Back to Basics!


June 12, 2012 |
| min
Direct Attached Storage (DAS)

Simplicity and minimalist design are in vogue these days. Gone are the days of complicated and convoluted products. As an example, look at Apple, which is setting trends by taking product design motivation from Braun, an established German consumer goods company, and simplifying how users interact with technology. Other examples include minimalistic shoes from Nike, New Balance, and Inov-8 and furniture from Ligne Roset and Herman Miller, all of which which emphasize clean lines and simple designs.

These examples show that simplicity is the key to thrive in today’s market.

We can apply this same reasoning to storage technologies today.

Not too long ago, the only available storage solution was direct attached storage (DAS). Compute was directly attached to its storage via ATA, SATA, eSATA, SCSI, SAS, and in some cases fibre channel. The system admin was also responsible for managing the storage.

Life was simple.

Direct Attached Storage (DAS)

DAS was an effective solution provided two conditions were met: 1. the amount of data was easily contained in the amount of space provided in the system and 2. an effective replication strategy was available (such as software mirroring with Sun Solstice or Veritias Volume Manager, hardware RAID, or tape backup). The main disadvantage of the DAS approach was its inability to share data or unused resources with other servers. Although this drawback was indirectly addressed with the wide acceptance of protocols like NFS, SAMBA, and CIFS, it still provided an opportunity for storage vendors to concoct solutions like SAN.

The advent of the SAN increased hardware requirements and created a wide range of complexities in implementation. The role of the system admin was split into two separate roles: the storage admin responsible for the SAN, which comprises storage arrays and storage switches, and the server admin who manages the compute resources. Now the compute admin has to be in constant communication with the storage admin to effectively manage storage for the compute environment. More communication, more touch points, and more layers of equipment are required to get a simple end result: compute reading from and writing to disk.

Storage Area Network

The requirements to achieve a simple disk read/write and to maintain a “golden copy” for disaster recovery led to the most complicated and expensive storage solution designed, the innards of which are as cryptic and secretive as the workings of an intelligence agency.

The storage admin does not have access to the inner workings of the SAN and only interacts through a set of commands for carving out disk space and allocating it to compute.

With Unified Compute Systems, Cisco was one of the first companies to realize that the compute/network/storage solutions available today were overly complicated. To address this complexity, they developed a converged protocol (fibre-channel over Ethernet or FCOE) and a simplified approach to provision and manage the disparate technologies with a single management entity known as UCSM. Integrated managment could go only so far to achieve real simplicity, however, because in reality the environment still consisted of multiple hardware devices that still needed to be managed separately.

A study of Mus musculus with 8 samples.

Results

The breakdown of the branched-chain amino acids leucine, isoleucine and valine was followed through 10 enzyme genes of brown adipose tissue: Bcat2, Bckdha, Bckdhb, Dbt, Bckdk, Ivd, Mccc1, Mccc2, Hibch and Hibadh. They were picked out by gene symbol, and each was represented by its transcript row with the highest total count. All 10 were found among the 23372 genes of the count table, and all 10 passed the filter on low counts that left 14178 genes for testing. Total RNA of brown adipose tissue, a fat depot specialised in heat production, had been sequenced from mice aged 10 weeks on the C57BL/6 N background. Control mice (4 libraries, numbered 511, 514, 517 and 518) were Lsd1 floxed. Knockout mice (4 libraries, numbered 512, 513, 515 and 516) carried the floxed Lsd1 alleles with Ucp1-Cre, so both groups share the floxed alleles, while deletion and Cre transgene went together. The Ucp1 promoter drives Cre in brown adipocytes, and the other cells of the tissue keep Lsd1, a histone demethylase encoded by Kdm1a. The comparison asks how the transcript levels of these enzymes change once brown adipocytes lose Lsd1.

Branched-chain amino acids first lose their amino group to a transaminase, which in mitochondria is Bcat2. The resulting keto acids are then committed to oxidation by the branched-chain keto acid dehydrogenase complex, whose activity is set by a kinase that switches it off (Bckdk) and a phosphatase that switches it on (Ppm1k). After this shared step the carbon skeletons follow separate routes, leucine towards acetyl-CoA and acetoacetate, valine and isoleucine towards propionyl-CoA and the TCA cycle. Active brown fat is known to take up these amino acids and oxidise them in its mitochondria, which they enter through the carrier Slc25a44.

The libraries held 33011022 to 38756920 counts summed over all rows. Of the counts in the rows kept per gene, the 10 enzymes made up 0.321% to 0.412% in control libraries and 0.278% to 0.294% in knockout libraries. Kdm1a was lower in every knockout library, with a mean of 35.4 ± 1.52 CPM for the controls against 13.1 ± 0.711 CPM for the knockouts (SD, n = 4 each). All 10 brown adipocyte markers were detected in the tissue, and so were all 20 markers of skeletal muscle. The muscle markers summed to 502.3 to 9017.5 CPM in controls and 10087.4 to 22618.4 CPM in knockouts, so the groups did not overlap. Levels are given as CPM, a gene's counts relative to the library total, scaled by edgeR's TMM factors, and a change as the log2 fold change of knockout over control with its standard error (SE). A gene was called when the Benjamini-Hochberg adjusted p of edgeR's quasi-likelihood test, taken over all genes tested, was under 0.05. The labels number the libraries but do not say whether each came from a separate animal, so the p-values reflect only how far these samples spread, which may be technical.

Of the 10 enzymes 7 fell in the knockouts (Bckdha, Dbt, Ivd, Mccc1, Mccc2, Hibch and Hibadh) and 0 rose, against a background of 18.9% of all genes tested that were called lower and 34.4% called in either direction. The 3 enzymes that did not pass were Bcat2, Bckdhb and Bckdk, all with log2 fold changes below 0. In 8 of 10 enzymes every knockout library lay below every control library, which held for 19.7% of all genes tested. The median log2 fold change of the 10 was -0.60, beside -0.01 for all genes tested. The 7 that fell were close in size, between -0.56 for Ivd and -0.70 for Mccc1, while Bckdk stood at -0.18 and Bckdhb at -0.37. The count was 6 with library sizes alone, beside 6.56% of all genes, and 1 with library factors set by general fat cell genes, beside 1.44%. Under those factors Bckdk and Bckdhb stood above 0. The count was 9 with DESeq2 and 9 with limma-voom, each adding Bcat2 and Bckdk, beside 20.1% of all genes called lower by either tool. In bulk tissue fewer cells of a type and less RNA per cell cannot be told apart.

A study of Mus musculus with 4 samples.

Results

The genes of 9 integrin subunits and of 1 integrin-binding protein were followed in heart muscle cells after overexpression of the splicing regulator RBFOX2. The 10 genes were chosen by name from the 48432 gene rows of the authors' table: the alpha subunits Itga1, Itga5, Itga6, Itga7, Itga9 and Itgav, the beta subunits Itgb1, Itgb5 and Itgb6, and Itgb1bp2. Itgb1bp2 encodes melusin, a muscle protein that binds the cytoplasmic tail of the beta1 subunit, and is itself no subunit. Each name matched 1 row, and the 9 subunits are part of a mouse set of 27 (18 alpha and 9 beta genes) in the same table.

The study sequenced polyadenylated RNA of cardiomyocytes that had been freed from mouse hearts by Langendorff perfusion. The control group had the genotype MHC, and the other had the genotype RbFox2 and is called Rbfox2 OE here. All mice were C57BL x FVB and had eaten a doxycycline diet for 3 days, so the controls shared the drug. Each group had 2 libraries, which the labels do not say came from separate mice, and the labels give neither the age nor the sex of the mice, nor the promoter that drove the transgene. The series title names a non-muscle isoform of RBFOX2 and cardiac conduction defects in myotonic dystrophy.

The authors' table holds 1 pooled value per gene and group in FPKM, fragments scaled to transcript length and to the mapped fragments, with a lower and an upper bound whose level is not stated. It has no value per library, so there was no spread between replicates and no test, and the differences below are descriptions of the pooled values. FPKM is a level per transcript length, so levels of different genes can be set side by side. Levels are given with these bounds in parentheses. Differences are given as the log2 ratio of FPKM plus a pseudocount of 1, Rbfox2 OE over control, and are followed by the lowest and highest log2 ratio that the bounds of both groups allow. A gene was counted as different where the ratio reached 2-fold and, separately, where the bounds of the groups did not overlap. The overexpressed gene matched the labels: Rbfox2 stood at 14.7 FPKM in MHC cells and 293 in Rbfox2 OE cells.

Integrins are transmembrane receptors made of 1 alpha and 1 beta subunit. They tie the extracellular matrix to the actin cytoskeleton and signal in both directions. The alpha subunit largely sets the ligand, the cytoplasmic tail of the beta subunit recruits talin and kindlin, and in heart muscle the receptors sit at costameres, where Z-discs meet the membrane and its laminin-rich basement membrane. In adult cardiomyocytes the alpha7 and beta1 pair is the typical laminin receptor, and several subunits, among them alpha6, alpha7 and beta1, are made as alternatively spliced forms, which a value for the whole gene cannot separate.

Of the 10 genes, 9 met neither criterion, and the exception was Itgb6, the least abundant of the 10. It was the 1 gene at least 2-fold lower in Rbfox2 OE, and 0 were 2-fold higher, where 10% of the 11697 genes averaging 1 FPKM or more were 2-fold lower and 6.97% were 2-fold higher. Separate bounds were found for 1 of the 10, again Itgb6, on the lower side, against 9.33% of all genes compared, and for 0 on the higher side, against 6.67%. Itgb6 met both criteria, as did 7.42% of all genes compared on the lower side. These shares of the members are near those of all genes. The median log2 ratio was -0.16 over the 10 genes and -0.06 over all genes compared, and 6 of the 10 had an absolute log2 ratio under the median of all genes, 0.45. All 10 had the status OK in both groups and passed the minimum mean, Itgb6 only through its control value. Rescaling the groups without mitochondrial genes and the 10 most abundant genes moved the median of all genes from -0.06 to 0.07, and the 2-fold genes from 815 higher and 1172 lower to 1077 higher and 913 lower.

Solutions like vBlock were cobbled together to provide the illusion of seamless integration between hardware and virtulization software, but in reality, the complexity of the whole environment was being obscured, not resolved.

Users ended up paying exorbitant amounts to purchase the hardware and then having to also pay consulting and services fees to have these solutions designed and implemented by their solutions architects. Even though this was an incremental step towards simplification and convergence, it still fails to provide simplicity and true convergence of storage and compute.

Today, we have learned from our follies and ineffciences and realised that the compute and storage are best when they are converged–precluding the need for complex SAN solutions.

The rapid development of hardware and software in tandem has allowed Nutanix to virtualize the datacenter without requiring a SAN. Nutanix provides a distributed and replicated yet simple solution for acheiving the end result of completing a read/write with 40-60% CAPEX reduction. It achieves these ends by eliminating expensive network storage while providing advanced shared-storage capabilities.

Nutanix does this while still delivering the performance, scalability, and data management features that are required in a enterprise environment. Nutanix Complete Cluster is an integrated hardware and software solution that provides the complete server and storage capabilities that you need to run virtual machines and store their data. This building block approach allows you to start with what you need now and add additional blocks as your needs grow to scale from a single system to as many as are required for your environment.


In essence the disadvantages of DAS have been resolved by Nutanix, and compute resources can be shared and used to their full capacity.

Life for the system admin can now go back to being simple.